Everyone in IT knows that deploying a Windows machine is only part of the job. Regular maintenance to keep systems functioning properly and secure is paramount.

Part of that routine upkeep is a timely patching regimen. Like clockwork on the second Tuesday of every month, Microsoft delivers security updates to the supported products in its portfolio, such as the Windows operating system and Microsoft Office applications. Windows Server Update Services (WSUS) is the tool many organizations use to make sure these updates get pushed out to their Windows machines to close any weak points in the operating system.

Windows Server 2019 is the latest server operating system from Microsoft, and it includes the WSUS server role as part of its license. While the setup process for WSUS 2019 is fairly straightforward, there are some best practices from Microsoft that administrators should follow so the operations team can be sure when they issue patches that they make it to their intended targets.

WSUS 2019 supports up to 100,000 clients per server, but Microsoft recommends that enterprises spread out the updating workload when they have a large number of Windows machines. The company suggests administrators create multiple WSUS servers to share the task of running one SQL Server database that holds information related to the updates. This distributed arrangement prevents the network-wide hit that would otherwise occur when many Windows clients switch to a different WSUS server with its own unique database, which would require each client to do a complete scan to see if any updates are missing.

Other reasons to set up WSUS 2019 on more than one server include avoiding a complete breakdown if the sole server crashes and avoiding potential issues by exposing more than one server to the internet. For example, the WSUS 2019 server must connect to Microsoft's servers to pull down the updates. Administrators can designate one server in the multiple WSUS deployment as the upstream server that downloads the patches, then distributes the data to the other downstream servers.

The following transcript for this video tutorial by contributor Brien Posey walks administrators through the WSUS 2019 setup process.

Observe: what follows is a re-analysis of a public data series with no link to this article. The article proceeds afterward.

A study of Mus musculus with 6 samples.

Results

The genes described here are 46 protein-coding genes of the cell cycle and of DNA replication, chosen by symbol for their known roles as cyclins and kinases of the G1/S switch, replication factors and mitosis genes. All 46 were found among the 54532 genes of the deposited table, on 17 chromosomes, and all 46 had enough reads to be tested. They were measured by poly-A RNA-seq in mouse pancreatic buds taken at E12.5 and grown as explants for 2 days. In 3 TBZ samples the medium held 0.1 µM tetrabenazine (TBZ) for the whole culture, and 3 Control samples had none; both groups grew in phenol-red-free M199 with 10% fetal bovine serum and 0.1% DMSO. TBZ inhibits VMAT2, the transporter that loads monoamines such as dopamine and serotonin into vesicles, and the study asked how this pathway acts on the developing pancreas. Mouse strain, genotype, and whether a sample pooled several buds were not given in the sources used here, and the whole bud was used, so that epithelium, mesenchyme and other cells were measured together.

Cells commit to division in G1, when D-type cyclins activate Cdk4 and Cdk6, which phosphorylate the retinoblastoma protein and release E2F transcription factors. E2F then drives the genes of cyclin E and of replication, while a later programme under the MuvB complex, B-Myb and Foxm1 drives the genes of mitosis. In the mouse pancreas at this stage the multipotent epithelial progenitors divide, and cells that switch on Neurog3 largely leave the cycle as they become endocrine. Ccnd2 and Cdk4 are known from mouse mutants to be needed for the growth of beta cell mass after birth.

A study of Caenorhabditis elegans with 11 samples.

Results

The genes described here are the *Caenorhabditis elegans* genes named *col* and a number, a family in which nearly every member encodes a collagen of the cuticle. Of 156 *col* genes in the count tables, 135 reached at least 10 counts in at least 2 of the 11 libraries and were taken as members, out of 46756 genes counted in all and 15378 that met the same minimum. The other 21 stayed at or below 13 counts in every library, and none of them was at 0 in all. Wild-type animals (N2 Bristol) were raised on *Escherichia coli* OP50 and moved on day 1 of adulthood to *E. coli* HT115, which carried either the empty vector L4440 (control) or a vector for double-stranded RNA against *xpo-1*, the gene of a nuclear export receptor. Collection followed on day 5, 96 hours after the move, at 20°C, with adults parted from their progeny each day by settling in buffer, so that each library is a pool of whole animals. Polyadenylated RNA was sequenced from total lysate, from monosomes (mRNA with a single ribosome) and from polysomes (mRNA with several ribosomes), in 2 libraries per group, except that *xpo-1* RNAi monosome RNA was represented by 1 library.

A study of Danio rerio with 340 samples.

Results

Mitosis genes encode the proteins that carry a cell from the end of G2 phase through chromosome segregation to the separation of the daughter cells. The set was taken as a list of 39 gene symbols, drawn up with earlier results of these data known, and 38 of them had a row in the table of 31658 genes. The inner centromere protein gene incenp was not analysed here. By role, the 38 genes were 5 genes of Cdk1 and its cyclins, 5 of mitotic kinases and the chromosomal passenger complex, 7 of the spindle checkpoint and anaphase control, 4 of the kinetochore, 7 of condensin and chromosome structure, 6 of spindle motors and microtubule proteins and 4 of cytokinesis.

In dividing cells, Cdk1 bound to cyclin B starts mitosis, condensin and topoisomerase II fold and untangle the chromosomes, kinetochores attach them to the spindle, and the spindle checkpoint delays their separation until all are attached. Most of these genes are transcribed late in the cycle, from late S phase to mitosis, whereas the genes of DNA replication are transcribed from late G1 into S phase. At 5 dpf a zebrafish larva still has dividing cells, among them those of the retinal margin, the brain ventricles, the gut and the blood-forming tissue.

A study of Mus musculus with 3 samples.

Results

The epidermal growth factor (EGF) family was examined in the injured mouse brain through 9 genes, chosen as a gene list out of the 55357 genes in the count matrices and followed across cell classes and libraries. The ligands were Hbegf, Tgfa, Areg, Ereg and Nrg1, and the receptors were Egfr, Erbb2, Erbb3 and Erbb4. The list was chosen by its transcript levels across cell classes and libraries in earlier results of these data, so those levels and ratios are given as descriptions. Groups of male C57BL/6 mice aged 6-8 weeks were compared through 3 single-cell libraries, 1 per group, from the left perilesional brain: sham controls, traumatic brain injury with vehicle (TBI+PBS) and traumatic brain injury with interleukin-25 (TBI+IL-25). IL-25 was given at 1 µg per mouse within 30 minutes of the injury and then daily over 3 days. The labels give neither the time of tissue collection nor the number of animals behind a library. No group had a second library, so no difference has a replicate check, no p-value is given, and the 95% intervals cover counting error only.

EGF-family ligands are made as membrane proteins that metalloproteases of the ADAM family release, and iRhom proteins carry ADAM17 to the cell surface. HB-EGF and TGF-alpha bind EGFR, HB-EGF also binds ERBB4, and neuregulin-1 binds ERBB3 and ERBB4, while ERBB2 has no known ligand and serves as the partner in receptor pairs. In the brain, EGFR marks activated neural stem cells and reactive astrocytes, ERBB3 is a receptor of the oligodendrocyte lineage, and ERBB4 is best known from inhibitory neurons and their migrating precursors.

In this video, I want to show you how to deploy the Windows Server Update Services, or WSUS, in Windows Server 2019.

I'm logged into a Windows Server 2019 machine that is domain-joined. Open Server Manager and click on Manage, then go to Add Roles and Features to launch the wizard.

Click Next and choose the Role-based or feature-based installation option and click Next. Select your server from the server pool and click Next to choose the roles to install.

Scroll down and choose the Windows Server Update Services role, then click Add Features. There are no additional features needed, so click Next.

At the WSUS screen: If you need SQL Server connectivity, you can enable it here. I'm going to leave that checkbox empty and click Next.

I'm prompted to choose a location to store the updates that get downloaded. I'm going to store the updates in a folder that I created earlier called C:\Updates. Click Next to go to the confirmation screen. Everything looks good here, so I'll click Install.

After a few minutes, the installation process completes. Click Close.

The next thing that we need to do is to configure WSUS for use. Go to the notifications icon and click on that. We have some post-deployment configuration tasks that need to be performed, so click on Launch Post-Installation tasks. After a couple of minutes, the notification icon changes to a number. If I click on that, then we can see the post-deployment configuration was a success.

Close this out and click on Tools, and then click on Windows Server Update Services to open the console. Select the WSUS server and expand that to see we have a number of nodes underneath the server. One of the nodes is Options. Click on Options and then click on WSUS Server Configuration Wizard.

Click Next on the Before You Begin screen and then I'm taken to the Microsoft Update Improvement Program screen that asks if I want to join the program. Deselect that checkbox and click Next.

Next, we choose an upstream server. I can synchronize updates either from another Windows Server Update Services server or from Microsoft Update. This is the only WSUS server in my organization, so I'm going to synchronize from Microsoft Update, which is the default selection, and click Next.

I'm prompted to specify my proxy server. I don't use a proxy server in my organization, so I'm going to leave that blank and click Next.

Click the Start Connecting button. It can take several minutes for WSUS to connect to the upstream update server, but the process is finally finished.

Now the wizard asks to choose a language. Since English is the only language spoken in my organization, I'm going to choose the option to download updates in English and click Next.

I'm asked which products I want to download updates for -- I'm going to choose all products. I'll go ahead and click Next.

Now I'm asked to choose the classifications that I want to download. In this case, I'm just going to go with the defaults [Critical Updates, Definition Updates, Security Updates and Upgrades]. I'll click Next.

I'm prompted to choose a synchronization schedule. In a production organization, you're probably going to want to synchronize automatically. I'm going to leave this set to synchronize manually. I'll go ahead and click Next.

I'm taken to the Finished screen. At this point, we're all done, aside from synchronizing updates, which can take quite a while to complete. If you'd like to start the initial synchronization process, now all you have to do is select the Begin Initial Synchronization checkbox and then click Next, followed by Finish.

That's how you deploy and configure Windows Server Update Services.